A Microsoft manager has acknowledged what many people have known for more than a year: Windows Vista is annoying.
Product unit manager David Cross made the comment last week at the RSA Conference, in reference to a Vista security feature called User Access Controls (UAC). UAC requires users to run Vista without administrator privileges, and it prompts users when they attempt to install some new applications.
“The reason we put UAC into the [Vista] platform was to annoy users,” Cross said, according to published reports.
Cross said his team designed UAC to force independent software vendors (ISVs) to make their software more secure. Apparently, they thought that annoyed users would lash out against the ISVs whose software generated the prompts. Instead, annoyed users had another can of fuel to throw on the Vista fire.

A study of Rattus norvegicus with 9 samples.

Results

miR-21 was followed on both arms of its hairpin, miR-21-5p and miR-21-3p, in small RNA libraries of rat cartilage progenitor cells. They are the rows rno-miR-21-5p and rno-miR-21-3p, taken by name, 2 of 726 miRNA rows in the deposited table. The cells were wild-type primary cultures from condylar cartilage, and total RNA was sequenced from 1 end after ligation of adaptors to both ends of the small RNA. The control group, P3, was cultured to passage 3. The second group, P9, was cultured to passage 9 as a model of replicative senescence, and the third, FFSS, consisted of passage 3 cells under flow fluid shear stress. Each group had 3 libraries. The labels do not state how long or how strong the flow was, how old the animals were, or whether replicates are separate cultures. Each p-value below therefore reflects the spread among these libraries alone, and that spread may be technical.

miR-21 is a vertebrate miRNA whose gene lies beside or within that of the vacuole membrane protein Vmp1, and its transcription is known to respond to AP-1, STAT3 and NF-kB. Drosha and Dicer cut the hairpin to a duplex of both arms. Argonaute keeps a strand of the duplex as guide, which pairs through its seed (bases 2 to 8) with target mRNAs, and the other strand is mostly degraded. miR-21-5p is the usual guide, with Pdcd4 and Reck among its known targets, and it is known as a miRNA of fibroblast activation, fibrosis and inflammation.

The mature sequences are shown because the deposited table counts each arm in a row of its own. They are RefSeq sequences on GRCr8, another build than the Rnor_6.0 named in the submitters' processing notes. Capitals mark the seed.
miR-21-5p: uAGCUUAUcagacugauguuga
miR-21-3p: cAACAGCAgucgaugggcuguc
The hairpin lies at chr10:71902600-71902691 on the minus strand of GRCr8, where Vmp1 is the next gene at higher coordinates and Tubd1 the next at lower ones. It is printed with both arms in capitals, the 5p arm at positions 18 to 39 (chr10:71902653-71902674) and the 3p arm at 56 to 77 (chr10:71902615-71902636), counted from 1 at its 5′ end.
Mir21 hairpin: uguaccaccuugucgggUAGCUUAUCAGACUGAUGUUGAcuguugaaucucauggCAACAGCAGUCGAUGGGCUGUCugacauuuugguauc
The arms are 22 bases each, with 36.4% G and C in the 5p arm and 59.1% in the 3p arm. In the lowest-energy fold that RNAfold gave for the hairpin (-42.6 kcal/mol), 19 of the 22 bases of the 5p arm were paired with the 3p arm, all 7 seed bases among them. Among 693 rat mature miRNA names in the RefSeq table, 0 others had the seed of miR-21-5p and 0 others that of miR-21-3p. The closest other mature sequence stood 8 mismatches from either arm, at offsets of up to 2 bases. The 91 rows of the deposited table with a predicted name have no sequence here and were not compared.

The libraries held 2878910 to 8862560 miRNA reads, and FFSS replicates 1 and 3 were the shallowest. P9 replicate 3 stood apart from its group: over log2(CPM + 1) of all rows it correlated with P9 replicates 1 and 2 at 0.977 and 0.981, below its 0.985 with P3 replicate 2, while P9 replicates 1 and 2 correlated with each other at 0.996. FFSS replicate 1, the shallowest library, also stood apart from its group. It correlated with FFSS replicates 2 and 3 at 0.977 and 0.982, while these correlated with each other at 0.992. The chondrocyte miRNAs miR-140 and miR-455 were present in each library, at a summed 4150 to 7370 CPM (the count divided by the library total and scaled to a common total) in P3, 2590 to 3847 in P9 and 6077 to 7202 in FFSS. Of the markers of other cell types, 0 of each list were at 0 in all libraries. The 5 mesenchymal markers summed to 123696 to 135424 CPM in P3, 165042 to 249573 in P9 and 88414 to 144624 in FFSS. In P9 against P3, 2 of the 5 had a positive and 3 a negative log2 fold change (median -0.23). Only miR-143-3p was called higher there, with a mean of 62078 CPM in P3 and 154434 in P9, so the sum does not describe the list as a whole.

Vista features several other annoyances, but Microsoft hasn’t come out and said they purposely created any more of them. They include:
- Packaging that requires a chainsaw to open;
- Hardware and software compatibility problems;
- Poor enterprise sales and partner apathy.
Cross also responded to claims that the UAC prompts don’t make Vista more secure, because most users just click “yes” no matter what. Here’s what he said, according to CNET:
“It’s a myth that users click ‘yes,’ ‘yes,’ ‘yes,’ ‘yes.’ Seven percent of all prompts are canceled. Users are not just saying ‘yes.'”
I know I’m a writer, but my basic math skills tell me that if 7% of all prompts are canceled, 93% are accepted. Doesn’t exactly prove his point, does it?